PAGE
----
By Paula Penebaker, President & CEO, YWCA Southeast Wisconsin
"Black lives matter."
Consider what Carter G. Woodson would think about that statement just shy of 90 years since creating black history week in 1926 - a week to acknowledge the contributions of black people to US history.
At that time, many black people were living in the Jim Crow South where black men, whose lives meant nothing, were hanged with impunity. Since that time, many things have changed for the better, but to paraphrase Frost, we have miles to go before we sleep, miles to go to show that black lives matter.
The black-lives-matter “movement” was born in 2014 after a seeming spate of high-profile police killings of unarmed black men. Hundreds of thousands of people of all hues across the country demonstrated, carrying signs with the phrase.
In Milwaukee, we had our share of demonstrations, including one on Mayfair Road where predominately white demonstrators carried signs with “All lives matter” held high.
Who would ever deny that?
How does the near obsession with the need for fairness and parallelism when it comes to issues of race thwart thoughtful discussion and subsequently, problem solving?
It seems that the all-lives-matter debate is about the need to support police.
It is unfortunate that the majority of good, effective police officers who have had exemplary careers, conducting themselves as stand-up men and women are maligned by the actions of a few. The profession, however, has been historically tainted because of the likes of figures that loom large in the minds of many black people. The movie Selma depicts that in living color. Chief Jim Clark and others of his era did not serve the profession well.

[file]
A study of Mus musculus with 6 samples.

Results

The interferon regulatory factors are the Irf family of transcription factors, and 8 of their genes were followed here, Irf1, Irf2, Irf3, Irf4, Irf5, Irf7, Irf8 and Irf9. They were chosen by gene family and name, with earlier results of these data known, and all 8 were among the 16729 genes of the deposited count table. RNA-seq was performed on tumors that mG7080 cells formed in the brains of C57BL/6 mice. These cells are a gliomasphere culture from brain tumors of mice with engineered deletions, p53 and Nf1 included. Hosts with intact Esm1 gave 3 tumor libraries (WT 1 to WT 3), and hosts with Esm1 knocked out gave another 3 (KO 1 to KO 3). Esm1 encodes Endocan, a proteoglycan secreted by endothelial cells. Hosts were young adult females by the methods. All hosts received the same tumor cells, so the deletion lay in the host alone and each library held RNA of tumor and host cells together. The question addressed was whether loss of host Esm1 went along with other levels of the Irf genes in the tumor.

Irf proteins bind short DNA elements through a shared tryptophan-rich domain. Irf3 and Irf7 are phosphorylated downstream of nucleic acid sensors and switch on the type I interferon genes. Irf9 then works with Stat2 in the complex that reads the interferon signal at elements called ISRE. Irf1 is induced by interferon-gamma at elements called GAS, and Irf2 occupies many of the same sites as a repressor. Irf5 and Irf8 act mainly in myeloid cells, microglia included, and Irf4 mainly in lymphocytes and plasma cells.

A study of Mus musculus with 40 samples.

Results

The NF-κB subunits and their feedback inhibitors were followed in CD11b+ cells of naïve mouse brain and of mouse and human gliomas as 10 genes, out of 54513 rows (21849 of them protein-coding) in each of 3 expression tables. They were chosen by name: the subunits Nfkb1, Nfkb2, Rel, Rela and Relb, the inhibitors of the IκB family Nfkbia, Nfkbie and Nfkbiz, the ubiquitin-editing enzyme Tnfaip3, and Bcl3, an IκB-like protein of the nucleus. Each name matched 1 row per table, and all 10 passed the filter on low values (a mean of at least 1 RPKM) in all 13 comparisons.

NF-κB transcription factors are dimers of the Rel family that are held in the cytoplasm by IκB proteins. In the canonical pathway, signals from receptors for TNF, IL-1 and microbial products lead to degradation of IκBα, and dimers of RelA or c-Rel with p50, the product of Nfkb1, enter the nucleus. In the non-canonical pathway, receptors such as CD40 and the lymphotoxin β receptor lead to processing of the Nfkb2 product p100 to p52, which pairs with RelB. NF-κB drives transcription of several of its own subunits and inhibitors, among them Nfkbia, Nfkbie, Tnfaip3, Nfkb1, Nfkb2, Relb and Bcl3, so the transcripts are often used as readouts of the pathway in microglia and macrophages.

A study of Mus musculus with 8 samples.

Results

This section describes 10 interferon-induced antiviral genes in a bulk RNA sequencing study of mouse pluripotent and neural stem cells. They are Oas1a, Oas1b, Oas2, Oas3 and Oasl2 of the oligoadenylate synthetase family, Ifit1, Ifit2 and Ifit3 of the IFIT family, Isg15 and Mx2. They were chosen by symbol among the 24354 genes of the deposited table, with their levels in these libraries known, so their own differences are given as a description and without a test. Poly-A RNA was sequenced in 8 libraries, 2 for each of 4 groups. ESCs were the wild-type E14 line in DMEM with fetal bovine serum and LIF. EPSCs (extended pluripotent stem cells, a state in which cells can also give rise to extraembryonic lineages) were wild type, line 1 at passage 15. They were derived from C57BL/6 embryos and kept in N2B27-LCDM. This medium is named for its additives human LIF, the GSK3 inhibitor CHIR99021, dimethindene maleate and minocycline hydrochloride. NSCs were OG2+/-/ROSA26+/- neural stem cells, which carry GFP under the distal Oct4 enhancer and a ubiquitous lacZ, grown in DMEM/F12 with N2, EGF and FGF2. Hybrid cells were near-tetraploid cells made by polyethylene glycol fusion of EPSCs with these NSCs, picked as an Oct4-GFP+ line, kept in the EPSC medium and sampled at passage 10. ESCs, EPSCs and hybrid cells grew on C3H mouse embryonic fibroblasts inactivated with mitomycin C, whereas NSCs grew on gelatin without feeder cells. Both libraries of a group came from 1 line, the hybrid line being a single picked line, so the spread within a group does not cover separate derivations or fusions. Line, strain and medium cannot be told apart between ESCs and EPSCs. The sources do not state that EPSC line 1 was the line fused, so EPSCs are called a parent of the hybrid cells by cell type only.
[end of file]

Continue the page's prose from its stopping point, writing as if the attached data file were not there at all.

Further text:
In recent weeks, we have seen a lot of positive, warm tributes directed to police officers across the country on social media and in the news. (The dash cam video of the officer rocking out to Taylor Swift’s “Shake it Off” is hilarious!) The positive attention is great to see and police officers are very appreciative. But, will the discussion and emphasis on the black-lives-matter movement be lost amidst the need to ensure that police don’t feel undervalued?
Woodson wanted to counteract the negative imagery of blacks with information about positive, scholarly contributions of black people to that point in history. It is still important in 2015 to do the same thing. A by-product of reflection is the reminder that, in spite of overwhelming negative press, black people—in particular, black boys and men—are doing great things, today.
To any person who believes in the inherent value of human beings, of course, all lives matter! To say that, only serves to deflect how little value we place on black lives, still, in 2015.